ACNE CAN BE A SENSITIVE SUBJECT FOR CHILDREN AS THEY BECOME TEENAGERS. HERE’S WHAT PARENTS CAN DO TO HELP TREAT THE CONDITION
Pimples! Most adolescents wish they would go far, far away and never come back. Acne affects nearly 80 percent of all adolescents and young adults of all races and ethnicities. Boys may have more severe, longer-lasting acne and are less likely to seek medical attention. Girls often find that their acne worsens a few days before their menstrual period due to changes in hormone levels.
Looks and body image are immensely important to both boys and girls at this time of life. If left untreated, acne may have an impact on your adolescent’s self esteem and confidence. It can cause social withdrawal, feelings of embarrassment, anger, and more. Teens generally do not want to talk about their acne because it is such a sensitive issue!
Help from parents
What can parents do to help their adolescent manage their acne?
A brief review of the causes of acne may help parents and adolescents better understand this condition. Acne usually erupts when puberty begins (around 10 to 13 years of age) and may persist into young adulthood or beyond. Hormones for puberty are produced at this time. One specific type of hormone, androgens, influences oil production from the sebaceous gland. The sebaceous (oil) gland, a follicle (canal), and a hair shaft together form a pilosebaceous unit, with the majority of these units being located on the face, neck and upper trunk.
As puberty progresses, so does the production of hormones, especially androgens. There is also an increase in bacteria and the shedding of cells that line the pilosebaceous unit, causing inflammation. When all these factors are combined, acne develops. A clogged pilosebaceous unit is a closed comedone (whitehead) or an open comedone (blackhead), while a pimple is an inflamed pilosebaceous unit.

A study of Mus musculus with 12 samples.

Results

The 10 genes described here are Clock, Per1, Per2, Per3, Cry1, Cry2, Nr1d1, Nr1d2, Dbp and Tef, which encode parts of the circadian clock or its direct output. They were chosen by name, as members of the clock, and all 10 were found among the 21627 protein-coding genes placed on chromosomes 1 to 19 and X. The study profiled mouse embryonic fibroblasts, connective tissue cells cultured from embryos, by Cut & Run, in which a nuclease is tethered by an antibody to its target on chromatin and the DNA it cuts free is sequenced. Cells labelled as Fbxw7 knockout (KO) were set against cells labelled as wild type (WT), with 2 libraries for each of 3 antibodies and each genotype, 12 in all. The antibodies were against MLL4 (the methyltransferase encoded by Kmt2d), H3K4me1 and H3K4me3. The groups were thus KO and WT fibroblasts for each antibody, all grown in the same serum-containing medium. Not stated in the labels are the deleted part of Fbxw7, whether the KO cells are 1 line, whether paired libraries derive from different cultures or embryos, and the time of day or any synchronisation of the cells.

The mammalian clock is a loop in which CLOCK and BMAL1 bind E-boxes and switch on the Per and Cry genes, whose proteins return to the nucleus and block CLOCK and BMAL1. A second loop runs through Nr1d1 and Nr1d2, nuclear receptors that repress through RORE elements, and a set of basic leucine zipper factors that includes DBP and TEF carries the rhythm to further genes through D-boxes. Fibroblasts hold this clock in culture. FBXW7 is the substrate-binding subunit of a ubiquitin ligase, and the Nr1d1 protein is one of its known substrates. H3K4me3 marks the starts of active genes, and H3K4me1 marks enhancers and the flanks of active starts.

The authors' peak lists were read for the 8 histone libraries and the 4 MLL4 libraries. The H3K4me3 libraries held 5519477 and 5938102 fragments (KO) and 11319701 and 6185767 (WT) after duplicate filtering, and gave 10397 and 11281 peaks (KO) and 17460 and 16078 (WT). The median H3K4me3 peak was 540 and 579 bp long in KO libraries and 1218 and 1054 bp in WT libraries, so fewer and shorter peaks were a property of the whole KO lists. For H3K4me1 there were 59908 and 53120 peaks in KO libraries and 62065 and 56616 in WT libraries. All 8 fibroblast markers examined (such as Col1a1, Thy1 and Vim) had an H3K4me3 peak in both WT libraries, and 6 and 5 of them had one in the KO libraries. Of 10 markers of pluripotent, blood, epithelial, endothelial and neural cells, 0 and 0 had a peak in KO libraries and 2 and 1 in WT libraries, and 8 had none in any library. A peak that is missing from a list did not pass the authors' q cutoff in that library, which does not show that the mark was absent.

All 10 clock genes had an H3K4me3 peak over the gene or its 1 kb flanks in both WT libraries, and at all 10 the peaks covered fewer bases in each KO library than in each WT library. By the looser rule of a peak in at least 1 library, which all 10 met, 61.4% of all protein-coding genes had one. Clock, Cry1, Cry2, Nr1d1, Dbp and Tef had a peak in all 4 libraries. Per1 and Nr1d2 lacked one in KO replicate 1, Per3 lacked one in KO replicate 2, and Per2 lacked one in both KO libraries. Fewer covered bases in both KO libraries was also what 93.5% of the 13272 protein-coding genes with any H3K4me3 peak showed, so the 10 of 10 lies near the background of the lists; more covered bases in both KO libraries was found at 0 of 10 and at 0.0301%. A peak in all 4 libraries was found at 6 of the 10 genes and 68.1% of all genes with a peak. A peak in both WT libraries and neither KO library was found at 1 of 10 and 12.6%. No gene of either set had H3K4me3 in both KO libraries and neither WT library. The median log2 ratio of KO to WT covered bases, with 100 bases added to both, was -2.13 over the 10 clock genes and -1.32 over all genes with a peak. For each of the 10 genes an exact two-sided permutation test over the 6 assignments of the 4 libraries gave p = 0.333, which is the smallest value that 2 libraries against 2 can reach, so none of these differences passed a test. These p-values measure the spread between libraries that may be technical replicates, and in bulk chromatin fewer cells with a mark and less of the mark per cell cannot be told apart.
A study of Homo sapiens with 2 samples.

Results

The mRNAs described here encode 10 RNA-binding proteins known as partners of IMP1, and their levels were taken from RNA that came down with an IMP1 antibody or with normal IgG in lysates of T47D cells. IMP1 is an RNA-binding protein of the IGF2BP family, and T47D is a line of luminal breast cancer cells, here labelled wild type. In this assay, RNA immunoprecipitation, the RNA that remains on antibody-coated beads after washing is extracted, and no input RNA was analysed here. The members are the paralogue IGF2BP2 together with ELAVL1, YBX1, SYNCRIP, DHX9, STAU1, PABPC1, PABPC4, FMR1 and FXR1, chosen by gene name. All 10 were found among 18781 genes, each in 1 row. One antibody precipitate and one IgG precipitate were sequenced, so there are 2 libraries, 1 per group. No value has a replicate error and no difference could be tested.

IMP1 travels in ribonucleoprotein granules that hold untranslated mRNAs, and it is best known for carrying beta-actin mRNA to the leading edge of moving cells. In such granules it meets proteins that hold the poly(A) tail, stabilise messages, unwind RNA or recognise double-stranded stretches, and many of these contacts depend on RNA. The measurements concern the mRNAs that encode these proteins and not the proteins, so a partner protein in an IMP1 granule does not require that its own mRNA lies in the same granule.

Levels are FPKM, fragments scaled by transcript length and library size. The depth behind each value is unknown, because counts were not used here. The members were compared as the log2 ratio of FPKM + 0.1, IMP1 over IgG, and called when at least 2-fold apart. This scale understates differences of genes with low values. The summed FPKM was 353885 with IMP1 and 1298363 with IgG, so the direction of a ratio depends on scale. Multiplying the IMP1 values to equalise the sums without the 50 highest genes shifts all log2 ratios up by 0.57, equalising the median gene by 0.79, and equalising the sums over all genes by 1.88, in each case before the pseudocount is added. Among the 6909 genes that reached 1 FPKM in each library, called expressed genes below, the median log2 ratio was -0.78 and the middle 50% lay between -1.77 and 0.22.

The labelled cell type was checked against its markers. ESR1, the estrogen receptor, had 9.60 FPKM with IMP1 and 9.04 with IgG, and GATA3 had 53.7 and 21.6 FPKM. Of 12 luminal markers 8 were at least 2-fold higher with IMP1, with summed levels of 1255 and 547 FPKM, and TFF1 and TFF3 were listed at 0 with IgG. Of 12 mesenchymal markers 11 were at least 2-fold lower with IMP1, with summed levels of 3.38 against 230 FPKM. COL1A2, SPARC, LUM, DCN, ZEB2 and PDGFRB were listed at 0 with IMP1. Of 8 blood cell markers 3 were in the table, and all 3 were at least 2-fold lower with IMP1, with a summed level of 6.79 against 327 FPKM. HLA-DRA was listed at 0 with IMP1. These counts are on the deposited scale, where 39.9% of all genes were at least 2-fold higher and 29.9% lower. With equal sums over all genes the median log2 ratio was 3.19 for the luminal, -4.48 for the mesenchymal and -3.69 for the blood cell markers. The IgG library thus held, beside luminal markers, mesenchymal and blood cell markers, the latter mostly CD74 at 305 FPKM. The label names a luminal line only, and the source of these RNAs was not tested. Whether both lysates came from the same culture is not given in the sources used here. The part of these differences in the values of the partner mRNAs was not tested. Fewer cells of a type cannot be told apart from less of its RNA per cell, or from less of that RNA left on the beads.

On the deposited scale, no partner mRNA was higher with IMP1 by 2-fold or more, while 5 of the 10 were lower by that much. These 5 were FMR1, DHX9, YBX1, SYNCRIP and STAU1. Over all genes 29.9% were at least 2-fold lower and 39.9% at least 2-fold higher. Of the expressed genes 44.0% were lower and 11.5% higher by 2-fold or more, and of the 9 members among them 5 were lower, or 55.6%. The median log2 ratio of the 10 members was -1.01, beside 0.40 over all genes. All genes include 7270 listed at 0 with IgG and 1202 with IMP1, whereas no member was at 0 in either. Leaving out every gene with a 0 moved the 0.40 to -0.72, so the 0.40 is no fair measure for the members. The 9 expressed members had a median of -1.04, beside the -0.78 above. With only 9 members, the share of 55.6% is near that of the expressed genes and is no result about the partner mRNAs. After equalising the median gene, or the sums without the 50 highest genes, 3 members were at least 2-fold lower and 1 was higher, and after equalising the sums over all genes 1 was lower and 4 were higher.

Treatments for Acne
Most parents and adolescents treat mild acne with over-the-counter products containing benzoyl peroxide, resorcinol, salicylic acid, or sulfur. Over-the- counter products have a variety of potencies, ranging from 5 percent to 10 percent benzoyl peroxide, together with other chemicals. Begin with the lowest strength medication and advance to the more potent strength if no results are observed after a few weeks.
Here are a few guidelines for the care of your skin:
1. Gently wash your face twice a day and after heavy exercise with a mild soap and warm water. Do not scrub your face with a washcloth or cleansers containing granules, as these may cause irritation and redness. Pat dry your face.
2. Do NOT pop, pick, or squeeze your acne. It can make your acne worse and create scarring.
3. Choose cosmetics carefully and labeled “noncomedogenic.” These products are oil free and do not clog your pores.
4. Shave carefully using a sharp safety razor or electric shaver. Soften the beard before shaving with soap and water. Apply shaving cream after softening if using a safety razor.
5. Avoid sunburns, sunbathing, and tanning salons.
6. Avoid irritating your skin. Keep your hair off your face and wash it daily. Avoid oily hair products.
7. Keep sports equipment from rubbing against your skin, especially the face. Apply moleskin or another protective covering to equipment to help reduce friction.